Black-hooded Oriole

The black-hooded oriole (Oriolus xanthornus) is a member of the oriole family of passerine birds and is a permanent resident breeder across tropical southern Asia, spanning from India and Sri Lanka to Indonesia. This bird predominantly inhabits open woodlands and cultivated areas.

Their nests are intricately woven into trees and typically contain two eggs. Their diet mainly comprises insects and fruits, with figs being a particular favorite, often found in the treetop canopies where they spend a significant portion of their time. Here are some key details about the black-hooded oriole:

Black-hooded Oriole Information

The male black-hooded oriole is visually striking, boasting the typical black and yellow oriole coloration. Its plumage is primarily yellow, featuring a solid black hood as well as black markings on the wings and tail center. In contrast, the female black-hooded oriole is less vibrant, displaying greenish underparts but retaining the distinctive black hood.

Juvenile birds resemble the female but possess dark streaks on the underparts, and their hood is not entirely black, particularly on the throat. This black head serves as a clear distinction from the Indian golden oriole, which visits northern India during the summer months.

Description of the Black-Hooded Oriole

Orioles, including the black-hooded oriole, can be somewhat elusive, with even the male being challenging to spot amidst the dappled yellow and green foliage of the canopy. Their flight resembles that of a thrush, characterized by strength and directness, often including shallow dips when covering longer distances. While foraging, these birds employ various techniques such as foliage-gleaning, wood-gleaning, or sallying.

Interestingly, the black-hooded oriole shares its habitat with humans in both rural and urban areas of India. A folk tale from Bengal recounts the transformation of an unfortunate merchant’s daughter-in-law, who endured mistreatment by her mother-in-law.

Troubled by her experiences, she covered herself in turmeric paste, concealed herself with a sooty earthen pot, and tragically ended her life. According to legend, a goddess resurrected her in the form of a black-hooded oriole. In Bengali culture, the bird is known as benebou (Bengali: বেনেবউ/ইষ্টিকুটুম), signifying the merchant’s wife, and “haldi pakhi,” referring to the turmeric bird.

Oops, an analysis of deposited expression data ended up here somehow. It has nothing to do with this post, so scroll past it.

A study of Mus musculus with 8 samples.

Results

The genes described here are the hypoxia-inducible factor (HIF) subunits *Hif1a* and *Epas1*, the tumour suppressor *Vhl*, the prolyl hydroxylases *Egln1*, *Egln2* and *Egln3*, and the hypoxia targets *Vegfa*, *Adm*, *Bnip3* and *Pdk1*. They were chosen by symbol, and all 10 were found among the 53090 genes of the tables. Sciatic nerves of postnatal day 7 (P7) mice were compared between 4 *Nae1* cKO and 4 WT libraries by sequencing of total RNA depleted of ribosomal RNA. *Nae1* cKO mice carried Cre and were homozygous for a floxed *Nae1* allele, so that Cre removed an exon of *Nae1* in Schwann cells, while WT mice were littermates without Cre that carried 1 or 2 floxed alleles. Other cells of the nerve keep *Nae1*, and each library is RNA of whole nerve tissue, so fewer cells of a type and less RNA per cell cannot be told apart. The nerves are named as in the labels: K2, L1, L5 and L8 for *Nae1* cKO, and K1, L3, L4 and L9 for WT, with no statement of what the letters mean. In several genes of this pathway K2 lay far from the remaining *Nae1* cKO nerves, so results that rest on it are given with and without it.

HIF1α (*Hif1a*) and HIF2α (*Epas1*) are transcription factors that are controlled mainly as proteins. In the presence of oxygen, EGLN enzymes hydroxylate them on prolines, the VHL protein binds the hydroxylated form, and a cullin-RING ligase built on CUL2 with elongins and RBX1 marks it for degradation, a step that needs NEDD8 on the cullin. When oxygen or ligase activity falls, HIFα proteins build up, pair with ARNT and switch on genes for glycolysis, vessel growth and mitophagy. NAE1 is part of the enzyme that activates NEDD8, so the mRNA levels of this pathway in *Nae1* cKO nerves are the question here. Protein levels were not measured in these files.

1. Plumage: These orioles are characterized by their vibrant and contrasting plumage. Adult males exhibit a striking appearance with a black head and throat, which extends down to their upper breast. The rest of their body is a brilliant golden-yellow, creating a sharp contrast with the black hood.

In contrast, females and juveniles have a more subdued coloration. They lack the striking black hood and are predominantly yellowish-olive on their upperparts, with yellowish underparts.

  • 2. Size: The black-hooded oriole is a moderately sized bird with a length ranging from approximately 28 to 32 centimeters (11 to 12.6 inches).
  • 3. Bill: They possess a relatively long, slightly curved bill, which is black in color and well-suited for their diet.
  • 4. Eyes: Dark and inconspicuous eyes are a characteristic of both males and females.

Habitat and Distribution

5. Habitat: The black-hooded orioles are primarily found in a range of habitats, including woodlands, forests, gardens, and cultivated areas. They are often associated with wooded regions and are known to inhabit both lowland and hilly areas.

6. Distribution: These orioles have a broad distribution across South and Southeast Asia. Their range spans from the Indian subcontinent, including India, Sri Lanka, and parts of Nepal, to Southeast Asian countries such as Thailand, Myanmar, Malaysia, and Indonesia. They are also spotted in some parts of China.

Behavior and Diet

7. Behavior: Black-hooded orioles are known for their melodious and flute-like calls, which are often heard in their habitat. They are generally active birds and can be seen foraging for food in tree canopies.

8. Diet: Their diet mainly consists of insects, fruits, and nectar. They are skilled at capturing insects in flight and are also known to feed on various fruits and nectar from flowers.

Breeding and Nesting

9. Breeding and Nesting: During the breeding season, these orioles construct cup-shaped nests in the branches of trees. The nests are typically well concealed among the foliage. The female lays a clutch of eggs, usually numbering two, and both the male and female share responsibilities for incubating the eggs and caring for the young chicks.

10. Conservation Status: As of the last assessment, the black-hooded oriole is categorized as a species of “Least Concern” by the International Union for Conservation of Nature (IUCN). This status suggests that their population is relatively stable, and they are not currently considered at significant risk of extinction.

In summary, the black-hooded oriole is a visually striking bird known for its vibrant plumage and melodious calls. It is widely distributed across South and Southeast Asia and thrives in various habitats, making it a fascinating and adaptable species in the avian world.

Amitava Ray
Amitava Ray

I'm a photographer (1979), a blogger (2006), and a reference article's author on Wikipedia, enhancing your next assignment with illustrated knowledge before moving on.